If democracy were not hanging in the balance, the recurring smear that Democrats are the radical party would be laughable. As reported by the Aug. 12 Albuquerque Journal, a Trump campaign official, referring to the Democrats, said, “The campaign is seeking to animate its own supporters against ‘radicals.’”
In reality, it is the Republicans who are the radicals. For example, the Republicans are cheering from the sidelines as Trump works to undermine the Postal Service, a federal function enumerated in the Constitution.
Although the evidence shows you are more likely to get struck by lightning than commit mail voter fraud, Trump and the Republicans are attempting to suppress the votes of Democrats by hampering mail delivery based on the false claim that voting by mail will cause massive fraud.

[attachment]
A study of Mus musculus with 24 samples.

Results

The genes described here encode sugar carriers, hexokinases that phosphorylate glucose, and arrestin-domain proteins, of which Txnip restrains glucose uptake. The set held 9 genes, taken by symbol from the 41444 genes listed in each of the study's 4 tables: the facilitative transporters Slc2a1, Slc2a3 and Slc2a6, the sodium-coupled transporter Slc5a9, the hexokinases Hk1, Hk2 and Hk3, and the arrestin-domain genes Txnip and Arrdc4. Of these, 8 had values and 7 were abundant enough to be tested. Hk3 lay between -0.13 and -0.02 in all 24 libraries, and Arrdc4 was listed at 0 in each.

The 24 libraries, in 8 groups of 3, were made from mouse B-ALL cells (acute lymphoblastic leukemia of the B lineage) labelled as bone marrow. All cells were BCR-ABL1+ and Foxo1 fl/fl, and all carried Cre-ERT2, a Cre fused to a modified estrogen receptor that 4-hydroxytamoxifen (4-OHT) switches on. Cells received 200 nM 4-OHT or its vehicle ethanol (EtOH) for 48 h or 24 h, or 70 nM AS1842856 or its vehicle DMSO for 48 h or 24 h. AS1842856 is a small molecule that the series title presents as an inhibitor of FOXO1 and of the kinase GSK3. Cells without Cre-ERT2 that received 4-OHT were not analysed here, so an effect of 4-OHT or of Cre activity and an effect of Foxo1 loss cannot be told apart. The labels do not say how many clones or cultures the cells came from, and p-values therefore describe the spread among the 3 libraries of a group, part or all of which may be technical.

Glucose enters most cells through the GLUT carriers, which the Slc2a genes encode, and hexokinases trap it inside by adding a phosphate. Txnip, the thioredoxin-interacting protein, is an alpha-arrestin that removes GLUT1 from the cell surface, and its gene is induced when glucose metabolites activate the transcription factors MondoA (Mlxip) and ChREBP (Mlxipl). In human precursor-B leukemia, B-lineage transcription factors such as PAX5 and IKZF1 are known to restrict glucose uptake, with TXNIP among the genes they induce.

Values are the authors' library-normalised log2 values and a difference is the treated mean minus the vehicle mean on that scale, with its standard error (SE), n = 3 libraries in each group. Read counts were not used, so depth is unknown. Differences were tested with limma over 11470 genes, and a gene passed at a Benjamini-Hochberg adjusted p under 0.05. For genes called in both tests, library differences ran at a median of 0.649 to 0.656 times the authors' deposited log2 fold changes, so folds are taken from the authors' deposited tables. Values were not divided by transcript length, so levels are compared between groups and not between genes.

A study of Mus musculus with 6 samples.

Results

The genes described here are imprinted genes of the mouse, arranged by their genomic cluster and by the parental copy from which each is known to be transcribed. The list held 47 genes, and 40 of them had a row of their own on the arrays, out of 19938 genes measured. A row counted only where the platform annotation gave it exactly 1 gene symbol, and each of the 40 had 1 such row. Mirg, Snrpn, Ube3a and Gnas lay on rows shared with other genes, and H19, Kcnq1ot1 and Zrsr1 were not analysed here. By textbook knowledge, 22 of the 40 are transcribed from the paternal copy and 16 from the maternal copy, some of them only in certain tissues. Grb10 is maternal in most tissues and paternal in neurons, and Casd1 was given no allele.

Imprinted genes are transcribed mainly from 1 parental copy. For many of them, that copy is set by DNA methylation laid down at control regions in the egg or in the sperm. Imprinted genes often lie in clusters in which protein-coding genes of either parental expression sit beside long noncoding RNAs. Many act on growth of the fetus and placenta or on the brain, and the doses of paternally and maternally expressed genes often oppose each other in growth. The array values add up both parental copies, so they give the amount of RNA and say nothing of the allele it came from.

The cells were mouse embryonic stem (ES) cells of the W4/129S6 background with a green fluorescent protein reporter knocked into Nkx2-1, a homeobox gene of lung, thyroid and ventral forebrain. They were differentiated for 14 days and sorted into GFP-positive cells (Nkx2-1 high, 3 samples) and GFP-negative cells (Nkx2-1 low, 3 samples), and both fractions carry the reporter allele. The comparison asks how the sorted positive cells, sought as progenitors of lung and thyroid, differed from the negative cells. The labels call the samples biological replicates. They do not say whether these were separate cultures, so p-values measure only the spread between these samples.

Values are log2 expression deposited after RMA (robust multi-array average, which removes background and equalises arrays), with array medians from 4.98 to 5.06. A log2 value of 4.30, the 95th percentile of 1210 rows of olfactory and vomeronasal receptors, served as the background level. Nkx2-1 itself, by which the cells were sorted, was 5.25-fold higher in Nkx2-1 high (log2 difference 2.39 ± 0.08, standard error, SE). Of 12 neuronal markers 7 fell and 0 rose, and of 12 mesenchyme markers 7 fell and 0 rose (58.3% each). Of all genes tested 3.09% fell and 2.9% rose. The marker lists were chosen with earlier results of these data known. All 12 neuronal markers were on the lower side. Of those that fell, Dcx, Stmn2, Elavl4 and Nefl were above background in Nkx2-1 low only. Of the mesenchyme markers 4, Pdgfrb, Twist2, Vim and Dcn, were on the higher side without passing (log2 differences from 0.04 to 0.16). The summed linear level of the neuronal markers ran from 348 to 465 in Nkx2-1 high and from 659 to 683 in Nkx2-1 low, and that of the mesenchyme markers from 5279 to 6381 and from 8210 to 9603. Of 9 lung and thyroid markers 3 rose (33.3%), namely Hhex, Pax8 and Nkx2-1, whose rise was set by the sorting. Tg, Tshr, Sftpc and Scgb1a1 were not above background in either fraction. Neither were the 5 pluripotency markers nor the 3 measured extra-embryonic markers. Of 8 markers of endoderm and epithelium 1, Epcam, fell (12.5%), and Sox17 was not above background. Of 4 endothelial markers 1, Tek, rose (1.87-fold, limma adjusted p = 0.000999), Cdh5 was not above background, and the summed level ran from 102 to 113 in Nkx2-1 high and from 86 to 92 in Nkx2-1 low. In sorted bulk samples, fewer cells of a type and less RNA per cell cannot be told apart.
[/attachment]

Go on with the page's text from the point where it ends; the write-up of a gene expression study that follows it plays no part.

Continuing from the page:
What could be more radical than undermining the Postal Service to steal a presidential election? If this ploy is successful and Trump ekes out a second term, how could a president elected by means of massive voter suppression be considered legitimate?
Destabilizing the Postal Service is only the most recent radical Republican move. It was preceded by concerted attempts to undermine another function enumerated in the Constitution, the decennial Census. Republicans are attempting to ensure a serious undercount in a variety of ways that will deny New Mexico hundreds of millions of dollars in federal funding.
Although promoting the general welfare is explicitly stated in the Constitution, Trump and the Republicans have asked the Supreme Court to strike down the Affordable Care Act while offering nothing but empty promises to replace it. More than 20 million Americans would lose their health care but gain incalculable suffering and financial hardship. This is not only radical but an especially cruel blow during a deadly pandemic.
The Republicans are willing to risk our democratic system of government to hold power. The Republican Party cares about the rich and powerful, not the middle class or those in need. To me, that is the definition of radical, and I’m not laughing.